From a conversation on Komodo Telegram:
Regnar: The reason why Komodo notarizes to Bitcoin is because of the huge amount of hash power Bitcoin has that makes 51% attacks very unlikely. Komodo uses [Equihash] Proof of Work for it’s own mining algorithm for transactions, what we use Bitcoin for is to essentially store a fingerprint (notarization) of the Komodo blockchain to Bitcoin every 10 minutes. This means if someone tries to 51% attack Komodo they can’t change anything that was in that fingerprint on Bitcoin, unless they 51% attack Bitcoin as well and specifically alter that fingerprint (to the new one they need for the attack to work).
So technically if someone were able to 51% attack Bitcoin, it wouldn’t affect Komodo because we only store these fingerprints there. Komodo still mines just like any other blockchain and we can actually switch where we store fingerprints to the next strongest chain to keep dPoW security up (if Bitcoin is attacked we could store it on Ethereum or Litecoin or Bitcoin Cash or whatever works best.)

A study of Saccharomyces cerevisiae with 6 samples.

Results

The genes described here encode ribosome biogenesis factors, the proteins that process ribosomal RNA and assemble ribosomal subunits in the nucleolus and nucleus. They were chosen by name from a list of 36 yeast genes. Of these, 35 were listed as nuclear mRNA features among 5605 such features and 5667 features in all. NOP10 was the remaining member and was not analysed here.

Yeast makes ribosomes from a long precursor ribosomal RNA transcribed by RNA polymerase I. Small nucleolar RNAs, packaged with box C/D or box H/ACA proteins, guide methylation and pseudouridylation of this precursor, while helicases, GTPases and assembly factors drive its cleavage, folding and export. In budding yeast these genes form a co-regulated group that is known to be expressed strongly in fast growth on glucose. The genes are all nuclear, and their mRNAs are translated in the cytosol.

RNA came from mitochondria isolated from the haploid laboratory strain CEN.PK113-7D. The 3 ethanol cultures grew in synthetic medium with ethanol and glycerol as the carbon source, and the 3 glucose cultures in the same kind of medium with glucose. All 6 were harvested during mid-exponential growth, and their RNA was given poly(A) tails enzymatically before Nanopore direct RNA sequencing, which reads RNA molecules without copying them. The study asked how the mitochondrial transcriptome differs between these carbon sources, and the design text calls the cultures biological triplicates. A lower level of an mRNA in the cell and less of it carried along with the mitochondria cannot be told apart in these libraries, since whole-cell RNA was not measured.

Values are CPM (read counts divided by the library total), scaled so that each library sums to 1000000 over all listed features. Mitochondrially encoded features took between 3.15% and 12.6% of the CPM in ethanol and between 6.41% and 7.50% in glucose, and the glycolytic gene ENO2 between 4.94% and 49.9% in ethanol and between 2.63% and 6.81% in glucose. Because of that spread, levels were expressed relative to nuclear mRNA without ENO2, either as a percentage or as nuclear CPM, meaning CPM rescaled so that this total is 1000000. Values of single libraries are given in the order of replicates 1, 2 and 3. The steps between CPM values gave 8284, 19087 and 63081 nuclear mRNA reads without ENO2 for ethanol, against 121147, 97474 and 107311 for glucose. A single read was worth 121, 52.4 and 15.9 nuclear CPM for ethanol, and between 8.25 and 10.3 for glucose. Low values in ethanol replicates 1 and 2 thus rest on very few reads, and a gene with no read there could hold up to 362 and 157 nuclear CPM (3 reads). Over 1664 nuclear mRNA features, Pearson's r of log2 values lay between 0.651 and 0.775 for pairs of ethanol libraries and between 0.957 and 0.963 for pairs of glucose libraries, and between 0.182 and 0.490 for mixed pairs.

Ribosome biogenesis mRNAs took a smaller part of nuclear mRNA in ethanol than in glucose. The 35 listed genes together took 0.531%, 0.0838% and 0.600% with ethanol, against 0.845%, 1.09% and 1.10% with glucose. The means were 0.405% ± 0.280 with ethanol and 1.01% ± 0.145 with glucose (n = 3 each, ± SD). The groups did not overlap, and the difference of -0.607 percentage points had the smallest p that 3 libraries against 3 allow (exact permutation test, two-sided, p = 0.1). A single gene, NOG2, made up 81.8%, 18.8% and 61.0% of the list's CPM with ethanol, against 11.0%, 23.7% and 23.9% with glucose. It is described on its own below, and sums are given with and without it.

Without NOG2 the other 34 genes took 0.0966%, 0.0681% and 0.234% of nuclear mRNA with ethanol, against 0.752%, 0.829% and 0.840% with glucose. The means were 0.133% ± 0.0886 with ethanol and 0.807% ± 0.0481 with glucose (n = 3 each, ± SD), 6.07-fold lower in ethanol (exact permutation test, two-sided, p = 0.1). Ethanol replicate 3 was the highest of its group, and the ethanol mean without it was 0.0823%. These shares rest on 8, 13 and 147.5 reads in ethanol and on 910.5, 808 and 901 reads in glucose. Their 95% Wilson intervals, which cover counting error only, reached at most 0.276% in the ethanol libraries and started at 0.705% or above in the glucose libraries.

So to attack Komodo they need to gain 51% of Komodo hashrate, as well as 51% of Bitcoin hashrate (to change the notarizations) at the same time. If they JUST attack Bitcoin, Komodo can notarize to a different blockchain and run fine on its own mining. If they JUST attack Komodo they won’t be able to change past notarizations and if their “double spend” transaction gets notarized while they are performing their attack, they won’t be able to reverse it by releasing their malicious blocks.
Yorklab: Bottom line is that nobody is going to attack Bitcoin just to get to Komodo. The hashrate on Bitcoin is so high now it’s almost impossible to attack Bitcoin; so ultimately it’s almost impossible, and most definitely impractical to attack Komodo. There’s a reason other coins are starting to use Komodo’s dPoW system, or trying to come up with something similar on their own.